Earl Shugerman will bring every week a serie of stories about Anglo-Saxon immigrants to Israel. This project is aimed to promote a more realistic view of life in Israel.
The Shulamit Hotel
by Earl Shugerman
We’re sitting at our favorite outdoor café the Toot drinking Coffee and enjoying the beautiful weather of Haifa. We are amongst a cordial neighbourhood named Kiryat Sefer.
Our server Chen is a native born Israeli or Sabra, who is finishing her degree in Social Sciences at the University of Haifa.
Kiryat Sefer is an upper middle class community in the Horev area of Haifa. Horev is an alternate appellate for Sinai, where Moses received the Torah and the Ten Commandments. It is located on the bus route to the University of Haifa and two Druze Villages about 30 miles South of this quaint and sedate residential center. This wonderful community is a perfect blend of beautiful apartments, a large array of mid-priced restaurants, and upper-end shopping at a local mall. In Israel, medical and dental care is universal. Their facilities are dotted throughout every community. It is even possible to receive care at virtually any time. Due to the nation’s socialized health care system, health care costs are 20% of most western nations. The quality of care competes with virtually any nation in the world.
My editor and I live at the Shulamit Hotel, an institution of Haifa originally built in 1953 by the Feldman family. The Hotel originally had twelve rooms and was named after the owner’s daughter Shulamit. At the hotel’s prime, the desk clerk Debby mentioned that the capacity of the Hotel was 300 residents. Famous dignitaries such as Israeli Prime Minister Yitzchak Rabin visited this pristine establishment. The Hotel is now a Hotel/Motel that has monthly and short term residents.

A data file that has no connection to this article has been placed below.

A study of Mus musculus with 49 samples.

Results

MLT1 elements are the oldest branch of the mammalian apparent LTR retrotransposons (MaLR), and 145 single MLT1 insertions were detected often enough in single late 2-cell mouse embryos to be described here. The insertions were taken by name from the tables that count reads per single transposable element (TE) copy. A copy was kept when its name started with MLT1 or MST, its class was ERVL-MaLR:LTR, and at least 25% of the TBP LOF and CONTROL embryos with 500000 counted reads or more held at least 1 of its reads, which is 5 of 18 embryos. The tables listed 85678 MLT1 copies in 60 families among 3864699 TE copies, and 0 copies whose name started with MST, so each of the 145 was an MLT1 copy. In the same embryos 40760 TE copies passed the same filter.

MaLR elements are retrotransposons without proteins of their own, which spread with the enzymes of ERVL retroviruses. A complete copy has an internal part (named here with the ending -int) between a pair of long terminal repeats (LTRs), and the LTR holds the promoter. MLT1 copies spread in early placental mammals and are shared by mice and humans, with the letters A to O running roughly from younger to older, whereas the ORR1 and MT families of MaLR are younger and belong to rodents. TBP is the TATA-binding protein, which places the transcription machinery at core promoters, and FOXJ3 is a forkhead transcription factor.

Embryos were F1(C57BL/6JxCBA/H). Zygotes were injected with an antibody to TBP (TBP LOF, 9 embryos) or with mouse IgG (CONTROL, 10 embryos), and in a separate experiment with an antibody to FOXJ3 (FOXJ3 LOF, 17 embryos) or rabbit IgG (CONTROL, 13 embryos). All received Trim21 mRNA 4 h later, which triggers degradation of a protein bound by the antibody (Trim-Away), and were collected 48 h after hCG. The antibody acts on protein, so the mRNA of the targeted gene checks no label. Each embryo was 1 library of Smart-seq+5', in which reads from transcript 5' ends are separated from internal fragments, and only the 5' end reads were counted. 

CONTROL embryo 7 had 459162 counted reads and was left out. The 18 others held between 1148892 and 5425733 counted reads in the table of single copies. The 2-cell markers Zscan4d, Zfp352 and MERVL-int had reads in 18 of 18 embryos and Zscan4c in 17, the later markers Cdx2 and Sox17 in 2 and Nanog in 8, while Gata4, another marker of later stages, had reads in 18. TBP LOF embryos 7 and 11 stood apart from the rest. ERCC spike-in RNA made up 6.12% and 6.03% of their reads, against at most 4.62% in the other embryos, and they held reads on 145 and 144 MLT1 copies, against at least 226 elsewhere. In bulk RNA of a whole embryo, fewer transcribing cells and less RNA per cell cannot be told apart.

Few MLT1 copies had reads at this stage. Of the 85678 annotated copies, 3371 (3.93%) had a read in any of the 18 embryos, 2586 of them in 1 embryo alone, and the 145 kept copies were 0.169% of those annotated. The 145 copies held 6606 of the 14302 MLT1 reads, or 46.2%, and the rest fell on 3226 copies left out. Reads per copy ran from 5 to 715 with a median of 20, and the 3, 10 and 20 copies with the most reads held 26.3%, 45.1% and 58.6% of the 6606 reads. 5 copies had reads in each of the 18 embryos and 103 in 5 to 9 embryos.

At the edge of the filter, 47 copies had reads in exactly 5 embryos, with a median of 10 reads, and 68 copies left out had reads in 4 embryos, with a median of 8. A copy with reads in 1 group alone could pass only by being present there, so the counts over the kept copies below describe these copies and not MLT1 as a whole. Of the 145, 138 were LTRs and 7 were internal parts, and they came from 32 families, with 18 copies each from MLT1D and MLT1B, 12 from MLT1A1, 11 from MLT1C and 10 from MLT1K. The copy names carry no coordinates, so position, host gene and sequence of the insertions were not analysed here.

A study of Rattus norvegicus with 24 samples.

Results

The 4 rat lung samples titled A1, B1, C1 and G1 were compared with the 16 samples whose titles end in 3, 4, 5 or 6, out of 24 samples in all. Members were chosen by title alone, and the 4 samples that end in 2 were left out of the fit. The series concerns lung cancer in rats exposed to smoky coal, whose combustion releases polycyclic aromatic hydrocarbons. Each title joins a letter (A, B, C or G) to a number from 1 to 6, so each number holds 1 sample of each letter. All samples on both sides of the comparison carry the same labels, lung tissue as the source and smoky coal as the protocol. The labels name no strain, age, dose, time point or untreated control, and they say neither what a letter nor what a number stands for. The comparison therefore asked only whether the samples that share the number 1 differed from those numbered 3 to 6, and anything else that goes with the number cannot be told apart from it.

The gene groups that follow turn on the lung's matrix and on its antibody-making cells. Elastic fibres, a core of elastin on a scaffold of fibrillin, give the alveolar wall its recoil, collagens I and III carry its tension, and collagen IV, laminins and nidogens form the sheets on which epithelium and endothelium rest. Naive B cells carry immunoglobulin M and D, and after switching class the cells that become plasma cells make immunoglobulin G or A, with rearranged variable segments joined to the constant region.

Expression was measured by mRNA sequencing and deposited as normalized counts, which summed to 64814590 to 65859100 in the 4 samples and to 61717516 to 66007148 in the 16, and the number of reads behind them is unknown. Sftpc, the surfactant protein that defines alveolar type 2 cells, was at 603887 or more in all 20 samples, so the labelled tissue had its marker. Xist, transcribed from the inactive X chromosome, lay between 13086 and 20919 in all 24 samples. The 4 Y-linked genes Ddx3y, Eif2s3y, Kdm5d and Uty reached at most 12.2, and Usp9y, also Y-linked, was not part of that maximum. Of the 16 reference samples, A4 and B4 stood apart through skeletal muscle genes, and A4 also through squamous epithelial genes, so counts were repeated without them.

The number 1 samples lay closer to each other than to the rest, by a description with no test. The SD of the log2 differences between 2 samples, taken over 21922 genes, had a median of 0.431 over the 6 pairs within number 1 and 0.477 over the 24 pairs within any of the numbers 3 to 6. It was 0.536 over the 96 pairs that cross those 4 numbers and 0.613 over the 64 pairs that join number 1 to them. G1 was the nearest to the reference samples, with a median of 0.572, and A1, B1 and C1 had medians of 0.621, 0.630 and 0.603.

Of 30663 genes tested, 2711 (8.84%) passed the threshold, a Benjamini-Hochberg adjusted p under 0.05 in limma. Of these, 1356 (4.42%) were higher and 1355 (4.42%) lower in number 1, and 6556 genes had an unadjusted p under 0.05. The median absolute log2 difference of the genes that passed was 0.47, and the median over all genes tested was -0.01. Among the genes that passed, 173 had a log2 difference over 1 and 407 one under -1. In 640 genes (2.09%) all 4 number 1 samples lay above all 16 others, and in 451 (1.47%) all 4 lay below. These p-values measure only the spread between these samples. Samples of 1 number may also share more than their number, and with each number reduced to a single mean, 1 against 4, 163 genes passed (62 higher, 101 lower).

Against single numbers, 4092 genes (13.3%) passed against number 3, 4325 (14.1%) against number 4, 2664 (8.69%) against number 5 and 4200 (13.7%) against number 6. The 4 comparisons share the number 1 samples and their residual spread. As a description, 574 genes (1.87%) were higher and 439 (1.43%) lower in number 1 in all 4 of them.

What a pleasant surprise to an American immigrant! The Hotel is within walking distance of a Pizza hut, Domino’s, and McDonald’s. Many other restaurants of various culinary tastes and price ranges are also close by. There is an English Bookstore named Lias Books, which is owned and managed by three Vatekot (veterans) from the UK. The Bookstore serves as both a source reading material and impromptu welcome wagon for Anglo immigrants. The city Zoo is a 15 minute walk or short bus ride. The world famous B’hai center is also a short bus trip.
The combined residential and transitional nature of our hotel community offers an endless series of social adventures. Today, I met a retired Florida resident who just finished a six week volunteer nursing program in Beer Sheva. Yesterday, a group ofNigerian sailors were guests of the Hotel. Last week I met a representative of the E.U. at our local Pizza Hut. Hotel residents include a graduate student in Biblical Archaeology, a retired Brazilian businessman, an American born school-teacher, and a certified massage therapist. At any given time, you can sit in the Hotel Lobby and listen to conversations spoken in multiple languages.
Local residents are quick to “adopt” newcomers, as most of our neighbours immigrated to Israel after its founding in 1948. My closest friend Maggie and her family own the community hair salon and are dedicated to ending my single male status. They have a Siberian Husky named Bella, who is my best friend. Morad, who works at the nearby eaterie Pesto, owns the adoring Meshi. Israelis love dogs and cats.
Muslim residents compose one fourth of our community, a reflection of life in Israel. We all live together cordially. Israel has 33 political parties. At any time at any cafe or social gathering it seems like 3300 views are being expressed. There is an apocryphal tale which illuminates this point. Then Israeli Premier Golda Meir met with her US counterpart Richard Nixon. She had encountered problems passing legislation. Nixon tried to enforce the view that she was the Prime Minister and that she was immune from any potential obstacles. Meir responded simply by stating that she was the Prime Minister of 3 million Prime Ministers.
Coming to you live from Haifa’s famous Toot Café it’s Earl and Harvey!